Plea for government support for wildlife hospital

Published 2:00pm 6 June 2023

Plea for government support for wildlife hospital
Words by Jodie Powell

Moreton Bay Regional Council marked World Environment Day yesterday by calling for government funding to help build a wildlife hospital in the region.

Mayor Peter Flannery says the death of a koala on Gympie Rd on Sunday night was a reminder of the urgent need for a local wildlife hospital.

“There is currently no dedicated wildlife hospital between the RSPCA facility at Wacol and Australia Zoo at Beerwah,” Mayor Flannery says.

“That means wildlife must travel up to two hours for emergency care, which risks them dying enroute to help.

“Clearly this is a significant gap in the SEQ wildlife hospital network for injured wildlife.”

Mayor Flannery says a wildlife hospital in Moreton Bay will reduce travel times for injured wildlife and take pressure off carers who are already stretched by rising fuel and food costs.

“This all has a significant personal impact on carers and their mental health.

“In an ideal world everyone would be driving to the conditions, and we wouldn’t see koalas and other wildlife dying on our roads, but we need to be realistic about this problem and pragmatic in our response.

“Currently the top cause for animals to be admitted to the SEQ wildlife network is being hit by a car, and koalas make up 11.4 percent of admissions.”

Search for a property

Plea for government support for wildlife hospital

Mayor Flannery says Council is in talks with stakeholders including the federal and state governments, the RSPCA, Australia Zoo, Currumbin Wildlife Sanctuary, the region’s wildlife rescue groups, the Moreton Bay Wildlife Hospital Foundation and private entrepreneurs keen to support wildlife and koala rehabilitation on their properties.

It is estimated the facility could cost around $10 million to construct, with an ongoing annual operational expense of up to $5 million.

“All that’s missing is the financial support of government, as we search for a suitable property where the facility could be located,” Mayor Flannery says.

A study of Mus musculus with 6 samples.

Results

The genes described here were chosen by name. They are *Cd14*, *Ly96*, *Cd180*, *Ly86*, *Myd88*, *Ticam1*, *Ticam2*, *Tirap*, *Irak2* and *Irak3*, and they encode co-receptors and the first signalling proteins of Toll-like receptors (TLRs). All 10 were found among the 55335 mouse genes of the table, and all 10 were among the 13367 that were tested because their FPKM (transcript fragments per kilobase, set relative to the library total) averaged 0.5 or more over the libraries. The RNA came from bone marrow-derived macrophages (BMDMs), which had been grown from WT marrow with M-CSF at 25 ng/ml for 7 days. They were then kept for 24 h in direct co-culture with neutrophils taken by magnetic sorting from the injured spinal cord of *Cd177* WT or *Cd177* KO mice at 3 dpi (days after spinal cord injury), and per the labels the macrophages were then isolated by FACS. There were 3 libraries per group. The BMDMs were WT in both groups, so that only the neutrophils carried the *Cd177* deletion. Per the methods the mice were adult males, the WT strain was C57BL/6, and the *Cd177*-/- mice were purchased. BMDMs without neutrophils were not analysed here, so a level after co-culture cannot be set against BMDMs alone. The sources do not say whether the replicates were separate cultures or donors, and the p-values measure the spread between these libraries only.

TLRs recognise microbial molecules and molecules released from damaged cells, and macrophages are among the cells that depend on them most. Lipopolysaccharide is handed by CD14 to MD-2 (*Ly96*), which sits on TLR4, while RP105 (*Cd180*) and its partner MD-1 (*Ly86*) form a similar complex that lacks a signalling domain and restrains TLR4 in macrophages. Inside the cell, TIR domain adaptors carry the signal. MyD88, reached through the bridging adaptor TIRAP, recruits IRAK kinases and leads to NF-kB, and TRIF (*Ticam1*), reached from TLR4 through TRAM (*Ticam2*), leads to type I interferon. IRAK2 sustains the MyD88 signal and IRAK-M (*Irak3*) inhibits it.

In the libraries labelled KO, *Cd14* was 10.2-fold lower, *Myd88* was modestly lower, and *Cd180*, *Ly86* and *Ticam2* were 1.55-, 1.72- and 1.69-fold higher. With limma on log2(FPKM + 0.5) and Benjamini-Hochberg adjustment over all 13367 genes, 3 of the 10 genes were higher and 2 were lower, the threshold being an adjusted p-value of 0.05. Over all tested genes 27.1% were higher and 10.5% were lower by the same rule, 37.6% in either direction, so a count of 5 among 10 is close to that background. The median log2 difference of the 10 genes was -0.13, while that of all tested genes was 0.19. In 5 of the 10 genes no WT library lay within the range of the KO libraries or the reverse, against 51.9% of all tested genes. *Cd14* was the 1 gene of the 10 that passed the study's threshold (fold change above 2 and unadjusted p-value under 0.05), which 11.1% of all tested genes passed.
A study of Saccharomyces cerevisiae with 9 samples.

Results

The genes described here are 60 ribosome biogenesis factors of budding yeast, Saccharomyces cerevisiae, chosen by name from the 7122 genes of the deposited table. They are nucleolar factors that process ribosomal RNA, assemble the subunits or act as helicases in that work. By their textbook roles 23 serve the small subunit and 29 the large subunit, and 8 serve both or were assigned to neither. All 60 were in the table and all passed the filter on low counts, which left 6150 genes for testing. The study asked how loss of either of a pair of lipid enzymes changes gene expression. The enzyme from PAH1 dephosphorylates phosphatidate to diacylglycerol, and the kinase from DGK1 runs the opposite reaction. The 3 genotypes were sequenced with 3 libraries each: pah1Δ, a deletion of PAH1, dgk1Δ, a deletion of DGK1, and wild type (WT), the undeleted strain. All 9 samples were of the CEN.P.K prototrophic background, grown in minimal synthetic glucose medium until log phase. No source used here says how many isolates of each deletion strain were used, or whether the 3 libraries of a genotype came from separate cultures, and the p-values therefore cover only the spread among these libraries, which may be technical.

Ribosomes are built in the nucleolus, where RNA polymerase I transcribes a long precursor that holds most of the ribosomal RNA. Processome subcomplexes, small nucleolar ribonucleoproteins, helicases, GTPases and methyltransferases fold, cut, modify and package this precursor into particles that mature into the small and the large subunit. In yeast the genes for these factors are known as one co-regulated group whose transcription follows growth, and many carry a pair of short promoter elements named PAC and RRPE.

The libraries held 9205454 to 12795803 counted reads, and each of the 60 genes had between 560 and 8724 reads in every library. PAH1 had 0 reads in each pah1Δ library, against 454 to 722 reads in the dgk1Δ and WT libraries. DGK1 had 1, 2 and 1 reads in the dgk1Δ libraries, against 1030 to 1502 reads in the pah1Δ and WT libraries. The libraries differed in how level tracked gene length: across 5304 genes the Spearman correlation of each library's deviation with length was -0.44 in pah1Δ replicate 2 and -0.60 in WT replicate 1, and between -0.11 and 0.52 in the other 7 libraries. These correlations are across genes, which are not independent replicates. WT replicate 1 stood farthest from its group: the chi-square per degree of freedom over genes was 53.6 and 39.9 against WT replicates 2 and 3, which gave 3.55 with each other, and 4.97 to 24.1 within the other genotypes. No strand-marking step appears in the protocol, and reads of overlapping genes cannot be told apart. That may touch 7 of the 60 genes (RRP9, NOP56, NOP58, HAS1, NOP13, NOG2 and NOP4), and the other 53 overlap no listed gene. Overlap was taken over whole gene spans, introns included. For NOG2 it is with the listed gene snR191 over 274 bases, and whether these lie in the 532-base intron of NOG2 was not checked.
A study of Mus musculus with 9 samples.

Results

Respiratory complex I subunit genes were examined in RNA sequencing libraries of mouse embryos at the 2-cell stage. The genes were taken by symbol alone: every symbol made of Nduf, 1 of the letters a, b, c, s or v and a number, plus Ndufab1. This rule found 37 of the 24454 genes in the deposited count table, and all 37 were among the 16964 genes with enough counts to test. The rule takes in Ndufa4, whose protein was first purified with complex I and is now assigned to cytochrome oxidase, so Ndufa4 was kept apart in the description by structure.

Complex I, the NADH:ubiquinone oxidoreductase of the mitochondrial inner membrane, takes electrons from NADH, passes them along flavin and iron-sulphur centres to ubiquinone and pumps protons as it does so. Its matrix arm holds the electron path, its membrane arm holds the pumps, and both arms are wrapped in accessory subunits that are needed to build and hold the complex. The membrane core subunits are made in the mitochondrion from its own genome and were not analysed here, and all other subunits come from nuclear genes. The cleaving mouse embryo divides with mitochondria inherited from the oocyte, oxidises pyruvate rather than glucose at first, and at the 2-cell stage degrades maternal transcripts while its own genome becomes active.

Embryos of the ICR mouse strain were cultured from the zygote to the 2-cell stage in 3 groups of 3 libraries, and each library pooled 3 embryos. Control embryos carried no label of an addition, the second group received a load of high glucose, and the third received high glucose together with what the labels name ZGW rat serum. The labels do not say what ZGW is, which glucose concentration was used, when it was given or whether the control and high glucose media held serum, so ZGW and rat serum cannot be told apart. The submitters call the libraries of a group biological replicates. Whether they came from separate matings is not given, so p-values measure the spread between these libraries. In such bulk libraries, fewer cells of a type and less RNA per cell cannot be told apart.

“We’ve seen enormous success with our land buyback program since it launched in 2020, purchasing nearly 100ha of land in Moreton Bay to protect the habitats of koalas and native wildlife from development.

“The fact is we are doing everything we can to keep animals in our region safe, but we can’t fence every road and we can’t physically force drivers to slow down.

“What we need is a local facility to respond quickly when an animal is hit by a car in the hopes of increasing survival rates for injured wildlife, as well as complement the existing SEQ wildlife emergency network.”

Essential care

Plea for government support for wildlife hospital

Moreton Bay Wildlife Hospital director Christine West says the wildlife hospital is an important step towards providing essential care and rehabilitation for injured wildlife in the region.

“However this is just the beginning,” she says.

“The loss of another wild koala in the Moreton Bay Region is significant and much work still needs to be done to protect and conserve our wildlife.

“We remain committed to expanding our efforts and working together with all levels of government to ensure a brighter future for our wildlife.”

Last year a group of volunteers established the Moreton Bay Wildlife Hospital Foundation as a community-driven initiative to raise the required funds.

The Foundation has applied for Deductible Gift Recipient (DGR) status and is awaiting Federal Government endorsement.